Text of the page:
WASHINGTON—House Committee on Oversight and Accountability Chairman James Comer (R-Ky.) and Subcommittee on Health Care and Financial Services Chairwoman Lisa McClain (R-Mich.) are calling on the U.S. Food and Drug Administration (FDA) to provide documents and communications related to the FDA’s response to the United States’ infant formula crisis, reiterating serious concerns over the Biden Administration’s failure to respond to the nationwide shortage.
“The Committee on Oversight and Accountability is continuing its investigation into the U.S. Food and Drug Administration’s (FDA) response to the infant formula shortage and its restructuring of the food and nutrition division in response to the infant formula shortage. The Reagan-Udall Foundation’s report titled ‘Operational Evaluation of the FDA Human Foods Program,’ found that there was ‘little motivation, and no requirement,’ to ‘facilitate critical thinking and proactive decision-making’ during the infant formula shortage. Despite this report, and the acknowledged need for a major overhaul, you stated that there would be no reassignments nor firings over the administration’s response to the infant formula shortage. We request documents and communications to understand the FDA’s response to the infant formula shortage,” wrote the lawmakers.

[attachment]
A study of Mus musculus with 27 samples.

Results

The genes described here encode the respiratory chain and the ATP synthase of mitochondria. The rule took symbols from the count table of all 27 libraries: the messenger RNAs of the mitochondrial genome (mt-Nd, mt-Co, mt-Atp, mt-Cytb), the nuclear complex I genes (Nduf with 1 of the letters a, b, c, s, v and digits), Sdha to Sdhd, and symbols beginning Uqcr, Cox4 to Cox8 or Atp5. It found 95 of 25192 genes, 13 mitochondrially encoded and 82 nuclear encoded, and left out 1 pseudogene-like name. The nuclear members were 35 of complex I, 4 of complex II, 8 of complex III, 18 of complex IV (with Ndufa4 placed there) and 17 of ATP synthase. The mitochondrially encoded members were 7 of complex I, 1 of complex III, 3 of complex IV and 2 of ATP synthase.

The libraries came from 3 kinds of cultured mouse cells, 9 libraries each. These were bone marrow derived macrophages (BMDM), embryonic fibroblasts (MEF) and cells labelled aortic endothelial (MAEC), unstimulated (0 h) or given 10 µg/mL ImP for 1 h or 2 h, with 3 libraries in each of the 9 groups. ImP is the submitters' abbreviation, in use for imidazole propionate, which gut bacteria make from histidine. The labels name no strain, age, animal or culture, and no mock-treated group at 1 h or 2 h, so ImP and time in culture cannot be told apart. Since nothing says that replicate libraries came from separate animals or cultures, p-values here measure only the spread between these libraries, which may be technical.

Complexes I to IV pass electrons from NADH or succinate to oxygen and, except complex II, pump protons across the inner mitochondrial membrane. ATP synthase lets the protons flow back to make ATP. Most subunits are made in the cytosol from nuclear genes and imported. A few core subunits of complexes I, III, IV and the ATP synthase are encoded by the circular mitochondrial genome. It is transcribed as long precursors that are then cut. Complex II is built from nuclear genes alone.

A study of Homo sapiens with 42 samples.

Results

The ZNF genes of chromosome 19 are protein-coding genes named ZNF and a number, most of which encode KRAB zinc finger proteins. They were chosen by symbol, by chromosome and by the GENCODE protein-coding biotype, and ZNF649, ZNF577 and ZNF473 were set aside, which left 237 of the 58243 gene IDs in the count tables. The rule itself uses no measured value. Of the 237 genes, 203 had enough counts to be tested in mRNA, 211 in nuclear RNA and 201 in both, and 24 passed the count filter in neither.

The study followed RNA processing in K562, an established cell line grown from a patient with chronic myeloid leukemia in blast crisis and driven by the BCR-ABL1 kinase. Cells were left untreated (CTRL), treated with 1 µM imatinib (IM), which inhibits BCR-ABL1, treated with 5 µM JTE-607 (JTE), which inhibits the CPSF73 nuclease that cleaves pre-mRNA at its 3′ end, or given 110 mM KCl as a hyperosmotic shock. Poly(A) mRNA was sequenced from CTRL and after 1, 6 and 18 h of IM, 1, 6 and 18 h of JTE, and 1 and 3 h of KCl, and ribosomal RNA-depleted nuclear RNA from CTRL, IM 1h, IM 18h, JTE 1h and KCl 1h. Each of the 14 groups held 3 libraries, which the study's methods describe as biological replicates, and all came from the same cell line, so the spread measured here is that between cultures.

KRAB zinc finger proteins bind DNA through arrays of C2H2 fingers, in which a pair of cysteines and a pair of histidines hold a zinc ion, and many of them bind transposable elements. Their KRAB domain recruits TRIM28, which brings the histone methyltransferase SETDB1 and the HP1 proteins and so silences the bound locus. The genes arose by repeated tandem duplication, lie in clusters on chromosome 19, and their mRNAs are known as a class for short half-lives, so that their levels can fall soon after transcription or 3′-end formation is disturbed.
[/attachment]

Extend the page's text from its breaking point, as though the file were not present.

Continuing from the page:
Last year, nearly 43 percent of infant formula was out of stock in stores across the country, leaving American parents and caregivers struggling to keep their children fed. Department of Health and Human Services Secretary Xavier Becerra had ample notice of the unfolding crisis, yet the FDA delayed taking steps to address the crisis and reopen a critical U.S. manufacturing facility. In multiple letters last Congress, Chairman Comer requested information from former White House Chief of Staff Ron Klain to understand what the Biden Administration knew and what actions were being taken to alleviate the burden on parents.
“Formula shortages began in the summer of 2021 as global supply chains were disrupted by the COVID-19 pandemic. As the administration scrambled to contain the issue, families across the nation were presented with the question of how they would feed the infants in their families and communities. Now, instead of removing or reassigning the individuals at fault for the poor response to this crisis, the announced restructuring of the food and nutrition division simply requires certain offices and personnel to report to the newly created position of Deputy Commissioner for Human Foods. The Committee is concerned that the FDA’s restructuring is a superficial attempt—rather than a real effort—to bring accountability and make meaningful changes,” continued the lawmakers.
The letter to FDA Commissioner Robert Califf can be found here.